I heard rumblings about this book in my social feeds, hints that a subversive collection of essays, poems and short stories would take on the often heard back-handed compliment:
You look good for your age.
I’m too young to get this ‘compliment’ but I sense it coming my way through variations, such as, ‘You can’t be in your forties,’ even after providing key life details. After mentioning how long I’d been married, the age my hairdresser blithely declared for me would have made me a child bride, young even by Victorian standards.
Reading You Look Good For Your Age is like having a community, of chatting with people of different generations, an experience that’s been missing while the pandemic rages on. I have missed the women turning up for 7am cardio classes at the rec centre. I’ve missed the librarians. I’ve missed the readings at bookstores. Luckily I have a neighbour who makes me laugh with her ‘golden years’ attitude toward indulging. If she wants an ice cream cone, she’ll have one. Life’s too short.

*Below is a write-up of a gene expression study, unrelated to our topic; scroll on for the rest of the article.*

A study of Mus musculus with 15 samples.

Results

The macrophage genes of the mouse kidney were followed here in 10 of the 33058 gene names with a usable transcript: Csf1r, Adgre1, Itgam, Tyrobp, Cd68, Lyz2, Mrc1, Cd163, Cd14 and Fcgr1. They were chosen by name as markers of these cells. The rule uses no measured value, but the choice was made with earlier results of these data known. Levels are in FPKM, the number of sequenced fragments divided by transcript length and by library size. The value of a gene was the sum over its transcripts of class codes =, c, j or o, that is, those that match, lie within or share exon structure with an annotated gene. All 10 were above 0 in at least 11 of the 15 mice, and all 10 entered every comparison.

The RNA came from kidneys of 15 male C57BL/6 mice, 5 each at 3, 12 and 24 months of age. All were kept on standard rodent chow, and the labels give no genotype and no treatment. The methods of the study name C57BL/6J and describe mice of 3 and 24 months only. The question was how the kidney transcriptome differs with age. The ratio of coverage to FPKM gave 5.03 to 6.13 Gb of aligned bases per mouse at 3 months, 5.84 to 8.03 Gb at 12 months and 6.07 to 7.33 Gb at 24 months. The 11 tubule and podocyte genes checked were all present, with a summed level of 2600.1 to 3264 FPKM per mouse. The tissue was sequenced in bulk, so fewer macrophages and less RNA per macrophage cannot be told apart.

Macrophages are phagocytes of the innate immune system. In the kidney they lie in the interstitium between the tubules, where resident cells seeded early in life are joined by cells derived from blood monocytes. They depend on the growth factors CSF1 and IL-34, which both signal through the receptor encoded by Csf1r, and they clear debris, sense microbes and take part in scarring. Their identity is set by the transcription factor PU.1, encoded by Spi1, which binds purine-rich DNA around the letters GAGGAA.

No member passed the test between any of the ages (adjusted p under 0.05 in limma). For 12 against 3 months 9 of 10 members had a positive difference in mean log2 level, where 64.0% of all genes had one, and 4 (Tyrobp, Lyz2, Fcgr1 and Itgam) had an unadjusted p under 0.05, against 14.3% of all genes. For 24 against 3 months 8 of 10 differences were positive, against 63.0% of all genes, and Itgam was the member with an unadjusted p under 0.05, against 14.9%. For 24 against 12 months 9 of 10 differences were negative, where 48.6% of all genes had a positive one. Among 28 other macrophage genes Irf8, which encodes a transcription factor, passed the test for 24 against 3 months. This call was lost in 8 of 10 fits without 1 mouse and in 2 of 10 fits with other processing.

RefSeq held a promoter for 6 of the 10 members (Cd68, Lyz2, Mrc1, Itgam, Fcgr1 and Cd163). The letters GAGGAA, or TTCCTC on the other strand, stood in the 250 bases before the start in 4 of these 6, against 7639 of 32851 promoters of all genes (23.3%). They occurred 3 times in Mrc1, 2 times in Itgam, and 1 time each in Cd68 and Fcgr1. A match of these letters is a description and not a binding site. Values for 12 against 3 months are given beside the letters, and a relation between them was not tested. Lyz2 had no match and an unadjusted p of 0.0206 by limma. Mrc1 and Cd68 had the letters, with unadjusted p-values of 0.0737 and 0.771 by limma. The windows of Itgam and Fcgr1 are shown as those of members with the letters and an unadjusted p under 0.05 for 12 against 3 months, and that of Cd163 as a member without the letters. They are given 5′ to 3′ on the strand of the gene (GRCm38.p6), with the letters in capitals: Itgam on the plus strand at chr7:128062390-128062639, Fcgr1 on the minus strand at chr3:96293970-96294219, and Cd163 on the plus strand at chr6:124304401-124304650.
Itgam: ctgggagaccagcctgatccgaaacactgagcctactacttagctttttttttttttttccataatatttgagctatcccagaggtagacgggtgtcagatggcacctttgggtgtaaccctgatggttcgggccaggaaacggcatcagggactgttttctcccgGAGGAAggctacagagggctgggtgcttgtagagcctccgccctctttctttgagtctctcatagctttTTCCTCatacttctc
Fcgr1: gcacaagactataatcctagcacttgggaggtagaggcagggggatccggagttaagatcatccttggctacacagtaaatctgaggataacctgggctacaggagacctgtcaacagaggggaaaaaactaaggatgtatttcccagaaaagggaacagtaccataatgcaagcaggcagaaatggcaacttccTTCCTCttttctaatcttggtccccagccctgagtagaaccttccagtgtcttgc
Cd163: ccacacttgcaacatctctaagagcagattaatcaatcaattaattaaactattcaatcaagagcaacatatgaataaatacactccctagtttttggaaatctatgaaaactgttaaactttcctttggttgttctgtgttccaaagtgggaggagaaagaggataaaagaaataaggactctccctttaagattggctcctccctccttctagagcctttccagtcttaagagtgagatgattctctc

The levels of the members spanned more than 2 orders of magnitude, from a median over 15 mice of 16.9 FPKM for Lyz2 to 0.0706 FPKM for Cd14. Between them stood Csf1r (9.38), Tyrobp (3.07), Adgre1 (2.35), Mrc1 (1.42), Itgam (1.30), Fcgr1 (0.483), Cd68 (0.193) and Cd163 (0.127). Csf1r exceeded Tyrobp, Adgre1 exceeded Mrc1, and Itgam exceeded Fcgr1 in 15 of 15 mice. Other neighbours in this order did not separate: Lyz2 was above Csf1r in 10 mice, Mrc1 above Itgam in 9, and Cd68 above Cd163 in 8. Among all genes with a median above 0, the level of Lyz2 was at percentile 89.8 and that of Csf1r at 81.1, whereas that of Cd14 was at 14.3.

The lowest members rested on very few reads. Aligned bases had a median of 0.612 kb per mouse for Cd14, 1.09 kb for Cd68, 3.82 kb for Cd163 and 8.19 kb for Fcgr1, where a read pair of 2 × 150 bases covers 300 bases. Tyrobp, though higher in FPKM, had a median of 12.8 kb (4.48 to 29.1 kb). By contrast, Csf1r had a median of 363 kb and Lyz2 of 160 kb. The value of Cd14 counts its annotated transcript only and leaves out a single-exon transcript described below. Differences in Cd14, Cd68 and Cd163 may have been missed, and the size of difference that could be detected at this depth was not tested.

While I’m trying to maintain health good enough to get to her level of indulgence, I know that aging is unavoidable. Our culture is obsessed with youth, and might only have time for stories of old men, and only powerful ones heading family dynasties. What’s unique to this book is the stories of women’s aging, which as recounted in this book, are stories people don’t always want to hear.
But as this book reminds us, a woman has worth even if she bears no children, even if she isn’t found attractive to men, and even if she won’t conform to the current norms of womanhood.
I stopped wearing makeup when I wondered why no one asked the men I worked with if they were tired, like I was asked if I forgot to put concealer below my eyes. No one commented on their grey hair or gushed over their new blazer. Or suggested the team take a break from bringing in baking for a bit, while purposefully not looking at their button-straining bellies.
I am now simply myself, with a fresh face and natural-coloured hair. I prefer comfort over fashion. I must be able to run for my life in any shoes I wear. I am no longer self-conscious about my body because it’s my body. If a man looks at me in the grocery store, I’m bemused, amused, slightly flattered, and then I shrug it off. I’m not here for you, I mutter out loud.
This anthology is a wonderful gift for any women in your life, especially if that’s you. It gave me the sense of community I was craving, and the company I didn’t know I need as I enter the next stage of my life.
Get your copy of You Look Good For Your Age from the University of Alberta Press as a physical, printed paperback, a downloadable pdf, or an e-pub from Kobo.